If you want to be able to use your VPOP3 server on devices (e.g. phones & tablets) when they are connected to your office Wifi and also when they are outside the office, you need to be able to configure them so that they can access your VPOP3 server wherever they are.
If your router supports NAT loopback (or NAT reflection), then you can simply use the external IP address, and you'll be able to access it from inside the office as well, however this can be slow with some routers so it is not always a good solution.
However, if your router does not support NAT loopback or you do not want to use it, then an alternative solution is to use two DNS servers.
If you have an in-house DNS server (eg an Active Directory Server), then you can do this easily. If you don't have an internal DNS server then it may be worth getting one (eg SimpleDNS), but you will have to reconfigure all your PCs (or your router's DHCP server) to configure that DNS server as the DNS server to use, which is outside the scope of this article.
Once you have an in-house DNS server, you will usually now have two DNS servers - the in-house one, and one with your domain hosting company.
Now, create a host name on your domain hosting company's DNS server, eg 'vpop3.mycompany.com'. Give this host name the external IP address of your network.
Then, create the same host name on your internal DNS server, but give it the name of the internal IP address of the VPOP3 computer. Depending on your setup, you may not want to create a 'zone' on the internal DNS server for 'mycompany.com', as that will override all *.mycompany.com hostnames. Instead, you can create a zone for 'vpop3.mycompany.com', and set the A DNS record for the zone itself to have the internal IP address of the VPOP3 computer. That way, only that specific name will be overridden by the internal DNS server.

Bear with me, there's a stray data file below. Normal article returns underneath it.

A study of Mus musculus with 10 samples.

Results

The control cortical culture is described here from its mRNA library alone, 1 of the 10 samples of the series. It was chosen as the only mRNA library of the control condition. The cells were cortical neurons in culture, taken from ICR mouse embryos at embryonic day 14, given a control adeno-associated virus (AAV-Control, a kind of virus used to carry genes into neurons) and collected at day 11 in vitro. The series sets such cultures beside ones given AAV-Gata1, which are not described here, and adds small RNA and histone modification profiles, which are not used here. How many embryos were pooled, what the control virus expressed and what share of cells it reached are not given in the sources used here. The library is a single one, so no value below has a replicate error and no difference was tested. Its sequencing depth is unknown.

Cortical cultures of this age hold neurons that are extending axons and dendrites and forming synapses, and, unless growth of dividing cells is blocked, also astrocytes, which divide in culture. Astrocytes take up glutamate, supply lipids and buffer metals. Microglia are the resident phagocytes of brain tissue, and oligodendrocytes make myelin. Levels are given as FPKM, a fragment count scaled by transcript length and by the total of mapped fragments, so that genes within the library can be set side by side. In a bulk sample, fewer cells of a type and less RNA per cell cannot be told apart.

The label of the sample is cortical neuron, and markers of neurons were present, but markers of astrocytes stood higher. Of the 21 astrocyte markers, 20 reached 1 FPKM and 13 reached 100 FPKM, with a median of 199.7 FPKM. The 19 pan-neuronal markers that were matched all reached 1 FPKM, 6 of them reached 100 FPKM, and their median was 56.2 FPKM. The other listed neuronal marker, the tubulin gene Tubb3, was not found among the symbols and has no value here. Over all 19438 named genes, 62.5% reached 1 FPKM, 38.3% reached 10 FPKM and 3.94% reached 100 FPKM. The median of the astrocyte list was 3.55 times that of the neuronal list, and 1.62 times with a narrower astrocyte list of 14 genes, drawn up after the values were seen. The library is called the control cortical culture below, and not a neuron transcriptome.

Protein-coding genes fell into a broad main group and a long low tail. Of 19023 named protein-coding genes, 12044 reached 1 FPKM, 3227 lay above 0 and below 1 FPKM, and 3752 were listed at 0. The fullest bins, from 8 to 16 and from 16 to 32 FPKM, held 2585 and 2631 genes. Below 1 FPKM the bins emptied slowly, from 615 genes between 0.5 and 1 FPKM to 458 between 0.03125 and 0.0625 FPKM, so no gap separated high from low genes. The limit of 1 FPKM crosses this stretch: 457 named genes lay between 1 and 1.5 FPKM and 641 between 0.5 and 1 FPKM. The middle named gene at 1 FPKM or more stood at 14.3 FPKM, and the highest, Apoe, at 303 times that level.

Finally, in all the email clients/devices, use that host name instead of an IP address. Then, depending on where the device is, it will access different DNS servers, which will return different IP addresses.
If you need help with this, we can set it up for you remotely, but since it is not a VPOP3 issue, it will be a chargeable support incident (if you need to purchase DNS server software as well, that will be extra).
Setting up Windows Server DNS Server
If you have a Windows DNS server (e.g. because you have Active Directory, then it is easy to set up a DNS record for your VPOP3 server. One way is to create a DNS zone specifically for your VPOP3 server so it doesn't conflict with any other names.
Go to Administrative Tools -> DNS Manager.
Right-click on the server name and choose New Zone
Select Primary Zone and press Next
If asked, select how you want the zone replicated (eg "To all DNS servers running on domain controllers in this domain")
Select the type of zone as Forward lookup zone
In the Zone name box, put the name you want to use for VPOP3 server, NOT the domain it's in. So, put, for instance, vpop3.mycompany.com
Choose Do not allow dynamic updates
Now, in DNS Manager, select the new zone you have just created, right-click, and choose New Host (A or AAAA)
In the dialog which appears, leave the Name box blank, and enter the IP address of the VPOP3 computer into the IP Address box
This sets the IP address for the zone name (vpop3.mycompany.com in this case) to the specified IP address.